That figures. The developers around our way have given the sweetener of a new primary school to assist with their planning application. Unfortunately, the powers that be fall for it and don't follow the logic of when they leave their lovely sparkly primary school, they won't have places for the next phase of their education.
I don't suppose they mentioned if this years exam entrants are in a similar position, or was it a blip last year? I read of one woman recently who is a single parent with three children aged four, eight and ten. The older ones are in the same primary, but she didn't get the third child a place there.... or any of her other three choices. She now somehow has to figure out how to get the youngest across town on a bus (costing £30 per week) whilst simultaneously getting the other two to their school. She then has to get back across town to her job for 9am! Poor woman. This shouldn't be happening. Perhaps I was lucky but where I grew up, you automatically went to your local school; no exceptions.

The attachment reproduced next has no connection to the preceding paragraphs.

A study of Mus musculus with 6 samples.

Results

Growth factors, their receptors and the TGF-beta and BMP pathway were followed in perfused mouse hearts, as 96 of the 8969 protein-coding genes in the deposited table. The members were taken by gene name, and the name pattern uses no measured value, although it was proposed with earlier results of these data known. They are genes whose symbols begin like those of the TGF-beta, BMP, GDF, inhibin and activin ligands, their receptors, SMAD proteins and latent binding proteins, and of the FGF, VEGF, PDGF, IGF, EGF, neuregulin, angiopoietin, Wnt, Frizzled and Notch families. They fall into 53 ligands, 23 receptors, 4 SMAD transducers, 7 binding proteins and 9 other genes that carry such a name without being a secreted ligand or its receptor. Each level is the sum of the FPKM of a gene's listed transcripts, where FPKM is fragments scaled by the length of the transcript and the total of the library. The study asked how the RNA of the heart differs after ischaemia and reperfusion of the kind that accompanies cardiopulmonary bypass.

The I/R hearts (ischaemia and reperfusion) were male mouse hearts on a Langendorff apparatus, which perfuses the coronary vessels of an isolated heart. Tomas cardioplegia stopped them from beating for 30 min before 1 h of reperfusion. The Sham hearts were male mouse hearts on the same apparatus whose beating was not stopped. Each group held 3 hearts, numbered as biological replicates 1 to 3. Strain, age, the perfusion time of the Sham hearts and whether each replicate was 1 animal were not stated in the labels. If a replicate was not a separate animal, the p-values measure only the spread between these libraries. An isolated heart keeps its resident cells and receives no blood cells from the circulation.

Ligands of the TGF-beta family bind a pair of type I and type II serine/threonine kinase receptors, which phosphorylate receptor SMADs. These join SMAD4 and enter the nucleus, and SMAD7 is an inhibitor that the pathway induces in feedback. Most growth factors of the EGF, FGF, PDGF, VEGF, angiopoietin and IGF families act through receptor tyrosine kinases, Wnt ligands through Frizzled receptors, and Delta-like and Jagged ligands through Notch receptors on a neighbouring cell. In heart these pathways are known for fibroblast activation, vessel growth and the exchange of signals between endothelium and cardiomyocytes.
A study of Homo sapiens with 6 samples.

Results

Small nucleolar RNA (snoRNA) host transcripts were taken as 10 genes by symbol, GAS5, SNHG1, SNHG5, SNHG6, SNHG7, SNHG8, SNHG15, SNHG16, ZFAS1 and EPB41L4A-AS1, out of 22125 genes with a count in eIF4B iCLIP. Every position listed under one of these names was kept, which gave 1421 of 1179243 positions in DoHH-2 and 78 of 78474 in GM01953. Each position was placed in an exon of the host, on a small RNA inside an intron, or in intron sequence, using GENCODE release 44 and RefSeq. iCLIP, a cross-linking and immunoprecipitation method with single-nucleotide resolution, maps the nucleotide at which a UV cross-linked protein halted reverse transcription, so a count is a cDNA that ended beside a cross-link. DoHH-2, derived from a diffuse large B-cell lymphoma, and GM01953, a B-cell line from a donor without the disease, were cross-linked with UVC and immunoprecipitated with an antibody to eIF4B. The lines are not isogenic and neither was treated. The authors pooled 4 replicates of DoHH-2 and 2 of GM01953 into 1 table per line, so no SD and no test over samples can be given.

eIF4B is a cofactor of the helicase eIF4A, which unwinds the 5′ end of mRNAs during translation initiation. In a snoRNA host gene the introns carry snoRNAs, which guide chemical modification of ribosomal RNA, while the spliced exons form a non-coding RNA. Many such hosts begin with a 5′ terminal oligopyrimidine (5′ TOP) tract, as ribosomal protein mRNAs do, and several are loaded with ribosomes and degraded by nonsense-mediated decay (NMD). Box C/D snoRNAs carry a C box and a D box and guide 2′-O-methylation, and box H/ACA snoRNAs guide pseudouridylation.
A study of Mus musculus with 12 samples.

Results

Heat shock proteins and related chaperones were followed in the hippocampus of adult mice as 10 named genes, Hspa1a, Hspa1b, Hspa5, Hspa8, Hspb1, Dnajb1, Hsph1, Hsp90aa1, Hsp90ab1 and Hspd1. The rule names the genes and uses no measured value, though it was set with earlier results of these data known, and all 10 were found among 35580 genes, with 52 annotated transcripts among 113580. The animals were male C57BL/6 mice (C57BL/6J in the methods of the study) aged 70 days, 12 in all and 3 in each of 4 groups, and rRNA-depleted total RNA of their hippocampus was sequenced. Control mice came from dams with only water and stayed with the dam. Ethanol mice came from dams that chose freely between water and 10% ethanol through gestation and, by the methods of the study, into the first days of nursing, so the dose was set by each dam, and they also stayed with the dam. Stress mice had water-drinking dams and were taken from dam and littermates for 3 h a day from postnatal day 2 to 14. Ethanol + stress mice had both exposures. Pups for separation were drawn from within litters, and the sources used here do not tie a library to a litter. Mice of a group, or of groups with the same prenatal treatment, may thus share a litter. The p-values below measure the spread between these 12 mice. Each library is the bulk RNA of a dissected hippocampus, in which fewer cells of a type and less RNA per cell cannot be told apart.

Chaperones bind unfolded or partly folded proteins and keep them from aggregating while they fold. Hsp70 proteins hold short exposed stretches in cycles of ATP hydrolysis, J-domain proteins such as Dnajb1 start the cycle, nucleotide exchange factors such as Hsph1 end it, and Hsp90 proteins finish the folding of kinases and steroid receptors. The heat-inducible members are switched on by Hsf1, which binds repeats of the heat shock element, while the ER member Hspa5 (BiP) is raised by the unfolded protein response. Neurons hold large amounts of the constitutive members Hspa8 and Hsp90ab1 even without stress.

Edit: I found this very helpful post from Amber from last year and thought I'd borrow it. The rise in birthrate year-on-year is staggering. No wonder school places are such a huge issue:
Live births 2000-2010
From Office for National Statistics. No idea how many are girls
Sorry tried to space this better but it wasn't having any of it.
PS- The ONS site is a mine of fascinating but not exactly shocking information: for example, the name Holly is more popular among girls born in December than at other times of the year; and the name Summer is more popular in, er, Summer.